In the heat of the conflagration that characterised the 1976 upheavals, many black parents literally lost control of their children who braved the might of the Nationalist Party government - armed only with the will of the Black Power salute.
It was the David and Goliath battle that shocked the parents to the core, as they tried to make sense of the devil-may-care bravado that had suddenly seized their children.
No one in their right mind could dare the wrath of the apartheid machinery that had already all but neutralised liberation movements such as the ANC and PAC by locking up their leaders such as Nelson Mandela, Walter Sisulu, Govan Mbeki and Robert Sobukwe - and metaphorically threw the jail keys away.
With stones and collective will, the youth tore at the military facade that had prevailed over the Southern Africa region with an iron fist.
Parents were petrified. Fathers were cowed, and literally surrendered their patriarchal status to their rampant sons and daughters. But mothers held ground, daring not their seemingly wayward children but the apartheid government that had condemned the black folk to a sub-standard existence.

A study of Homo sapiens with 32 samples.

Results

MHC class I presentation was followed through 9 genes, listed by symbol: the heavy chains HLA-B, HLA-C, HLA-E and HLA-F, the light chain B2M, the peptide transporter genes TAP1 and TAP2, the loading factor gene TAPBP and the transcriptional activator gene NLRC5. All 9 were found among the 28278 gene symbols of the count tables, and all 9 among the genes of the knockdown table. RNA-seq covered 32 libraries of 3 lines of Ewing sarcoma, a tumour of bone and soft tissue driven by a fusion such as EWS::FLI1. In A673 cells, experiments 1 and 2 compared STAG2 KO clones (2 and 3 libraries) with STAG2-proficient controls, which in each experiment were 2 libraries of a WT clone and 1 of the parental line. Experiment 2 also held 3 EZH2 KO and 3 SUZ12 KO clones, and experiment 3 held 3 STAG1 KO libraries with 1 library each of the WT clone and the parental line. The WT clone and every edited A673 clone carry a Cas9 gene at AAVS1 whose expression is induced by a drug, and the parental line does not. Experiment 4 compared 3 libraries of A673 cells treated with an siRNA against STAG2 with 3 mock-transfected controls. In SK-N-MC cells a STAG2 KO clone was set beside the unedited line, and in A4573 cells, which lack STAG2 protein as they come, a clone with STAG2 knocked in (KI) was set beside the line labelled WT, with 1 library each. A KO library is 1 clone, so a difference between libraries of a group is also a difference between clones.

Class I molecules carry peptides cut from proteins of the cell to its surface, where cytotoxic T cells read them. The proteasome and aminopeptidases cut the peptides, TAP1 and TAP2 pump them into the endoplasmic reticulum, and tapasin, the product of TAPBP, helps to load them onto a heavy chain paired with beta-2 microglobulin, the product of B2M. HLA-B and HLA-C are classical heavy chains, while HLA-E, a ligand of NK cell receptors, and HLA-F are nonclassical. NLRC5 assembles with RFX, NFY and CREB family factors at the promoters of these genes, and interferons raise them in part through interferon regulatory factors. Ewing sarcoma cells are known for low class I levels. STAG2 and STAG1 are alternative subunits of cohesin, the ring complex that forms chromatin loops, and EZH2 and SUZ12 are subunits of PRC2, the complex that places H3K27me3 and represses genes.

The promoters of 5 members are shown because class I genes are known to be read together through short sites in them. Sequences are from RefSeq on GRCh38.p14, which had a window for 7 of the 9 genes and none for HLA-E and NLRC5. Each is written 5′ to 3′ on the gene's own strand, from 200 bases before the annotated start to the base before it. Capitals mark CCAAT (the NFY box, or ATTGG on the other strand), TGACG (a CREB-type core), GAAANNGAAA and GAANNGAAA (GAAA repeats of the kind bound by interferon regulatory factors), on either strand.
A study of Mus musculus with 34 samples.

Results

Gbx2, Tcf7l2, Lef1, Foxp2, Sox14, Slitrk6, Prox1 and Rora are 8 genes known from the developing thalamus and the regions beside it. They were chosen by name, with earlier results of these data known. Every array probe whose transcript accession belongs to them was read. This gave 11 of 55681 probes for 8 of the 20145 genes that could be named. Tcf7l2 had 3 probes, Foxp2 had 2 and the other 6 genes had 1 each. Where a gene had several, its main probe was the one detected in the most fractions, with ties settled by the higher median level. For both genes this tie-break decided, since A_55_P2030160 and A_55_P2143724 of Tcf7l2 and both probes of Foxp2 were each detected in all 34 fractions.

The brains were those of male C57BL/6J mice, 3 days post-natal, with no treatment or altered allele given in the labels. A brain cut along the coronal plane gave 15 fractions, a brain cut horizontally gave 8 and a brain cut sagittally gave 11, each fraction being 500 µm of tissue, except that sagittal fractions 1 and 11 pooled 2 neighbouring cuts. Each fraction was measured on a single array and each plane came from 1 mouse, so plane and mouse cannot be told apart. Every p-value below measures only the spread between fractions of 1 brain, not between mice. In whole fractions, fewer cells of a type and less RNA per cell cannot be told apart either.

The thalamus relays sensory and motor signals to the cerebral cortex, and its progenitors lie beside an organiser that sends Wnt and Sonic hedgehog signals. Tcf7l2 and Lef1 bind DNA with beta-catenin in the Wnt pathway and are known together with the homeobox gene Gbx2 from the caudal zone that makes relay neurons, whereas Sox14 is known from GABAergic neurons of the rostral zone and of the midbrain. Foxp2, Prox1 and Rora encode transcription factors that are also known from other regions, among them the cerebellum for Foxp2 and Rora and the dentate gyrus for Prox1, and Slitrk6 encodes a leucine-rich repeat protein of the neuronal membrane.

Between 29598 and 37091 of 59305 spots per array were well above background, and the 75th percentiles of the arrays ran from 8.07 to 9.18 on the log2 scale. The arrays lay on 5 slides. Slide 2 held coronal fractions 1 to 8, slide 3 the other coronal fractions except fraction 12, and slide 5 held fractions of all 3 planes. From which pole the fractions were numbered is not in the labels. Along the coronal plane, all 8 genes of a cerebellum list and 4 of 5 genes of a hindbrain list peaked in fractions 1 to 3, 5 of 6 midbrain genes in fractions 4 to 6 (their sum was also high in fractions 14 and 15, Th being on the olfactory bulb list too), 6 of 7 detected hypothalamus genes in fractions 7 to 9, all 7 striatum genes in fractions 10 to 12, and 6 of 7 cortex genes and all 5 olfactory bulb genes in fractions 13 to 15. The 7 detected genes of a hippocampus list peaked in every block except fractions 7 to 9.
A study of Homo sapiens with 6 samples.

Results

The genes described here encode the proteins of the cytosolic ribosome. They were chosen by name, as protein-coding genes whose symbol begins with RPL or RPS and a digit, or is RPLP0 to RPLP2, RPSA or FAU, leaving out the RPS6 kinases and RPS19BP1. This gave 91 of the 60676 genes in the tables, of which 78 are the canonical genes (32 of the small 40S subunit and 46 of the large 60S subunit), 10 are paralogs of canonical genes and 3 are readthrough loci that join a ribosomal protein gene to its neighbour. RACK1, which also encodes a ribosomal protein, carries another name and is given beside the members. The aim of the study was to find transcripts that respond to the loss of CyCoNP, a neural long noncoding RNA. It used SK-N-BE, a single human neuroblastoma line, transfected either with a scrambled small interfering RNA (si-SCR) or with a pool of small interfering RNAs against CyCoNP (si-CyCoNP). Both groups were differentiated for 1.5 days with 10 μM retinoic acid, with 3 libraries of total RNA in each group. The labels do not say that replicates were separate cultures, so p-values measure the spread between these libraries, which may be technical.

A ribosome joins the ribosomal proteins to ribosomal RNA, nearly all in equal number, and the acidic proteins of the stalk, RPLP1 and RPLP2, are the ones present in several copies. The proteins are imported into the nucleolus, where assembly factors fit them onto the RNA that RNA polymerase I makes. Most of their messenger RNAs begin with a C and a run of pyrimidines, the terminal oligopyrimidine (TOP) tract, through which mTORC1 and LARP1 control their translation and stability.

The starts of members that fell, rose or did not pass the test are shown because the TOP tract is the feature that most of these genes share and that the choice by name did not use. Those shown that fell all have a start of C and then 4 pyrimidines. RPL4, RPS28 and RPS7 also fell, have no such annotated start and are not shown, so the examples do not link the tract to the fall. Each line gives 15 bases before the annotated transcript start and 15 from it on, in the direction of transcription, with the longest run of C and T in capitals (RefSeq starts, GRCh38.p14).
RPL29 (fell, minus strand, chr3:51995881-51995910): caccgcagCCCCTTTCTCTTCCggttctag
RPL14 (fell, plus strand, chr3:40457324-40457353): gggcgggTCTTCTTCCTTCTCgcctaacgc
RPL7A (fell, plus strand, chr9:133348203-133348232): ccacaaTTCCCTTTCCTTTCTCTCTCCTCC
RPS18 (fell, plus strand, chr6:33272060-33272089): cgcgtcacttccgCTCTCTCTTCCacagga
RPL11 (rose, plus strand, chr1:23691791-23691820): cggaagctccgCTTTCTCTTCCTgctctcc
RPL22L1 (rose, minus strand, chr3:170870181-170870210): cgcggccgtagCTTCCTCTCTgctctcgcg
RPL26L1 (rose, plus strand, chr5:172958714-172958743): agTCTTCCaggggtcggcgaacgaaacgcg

Some mothers, like Winnie Mandela, galvanised the fighting spirit among the youth and, with her infectious brand of courage, willed them on.
Also in the rearguard of the battle lines were other mothers, such as Phindi Mthembu. Unsung heroines. She, like the few others, opened her home to scores of student leaders seeking to elude the dragnet of the security forces hunting them.
Her home became a sanctuary to student leaders Khotso Seatlholo, Chief Twala, Reginald Tebogo Mngomezulu, Sipho Mngomezulu and George Twala.
This, despite these youngsters having been accorded the label of terrorists by the state. Police had warned the public not to dare approach them nor harbour them in their homes. But to Mrs Mthembu, these were children and posed no danger, least of all to her or her neighbours.
She cooked for them, kept their spirits high, knowing fully well the dangers of harbouring "terrorists" at that time.
The price was too high. Any whiff of a terrorist in the neighbourhood would, at the time, be met with the most ferocious of forces that the apartheid security forces could muster.
It was cold comfort for the Mthembu family bearing the chilling knowledge that once the authorities detected that fugitives were hiding in their home, they would waste no time in blasting off the roof and the walls of the house to ground with a fusillade of machine gunfire and explosives.
Their objective would be to destroy any moving thing in the house - collateral damage being hardly their consideration.
Even the spectre of all that danger looming on the horizon did not deter scores of mothers. They still opened their homes to pupils on the run.
Thus, like Mrs Mthembu, they will remain unsung heroines.
l The 81-year-old mother of seven will be buried at Lenasia Cemetery tomorrow at noon. A two-hour service will be held at her 1590 Jabulani home in Soweto, from 9am.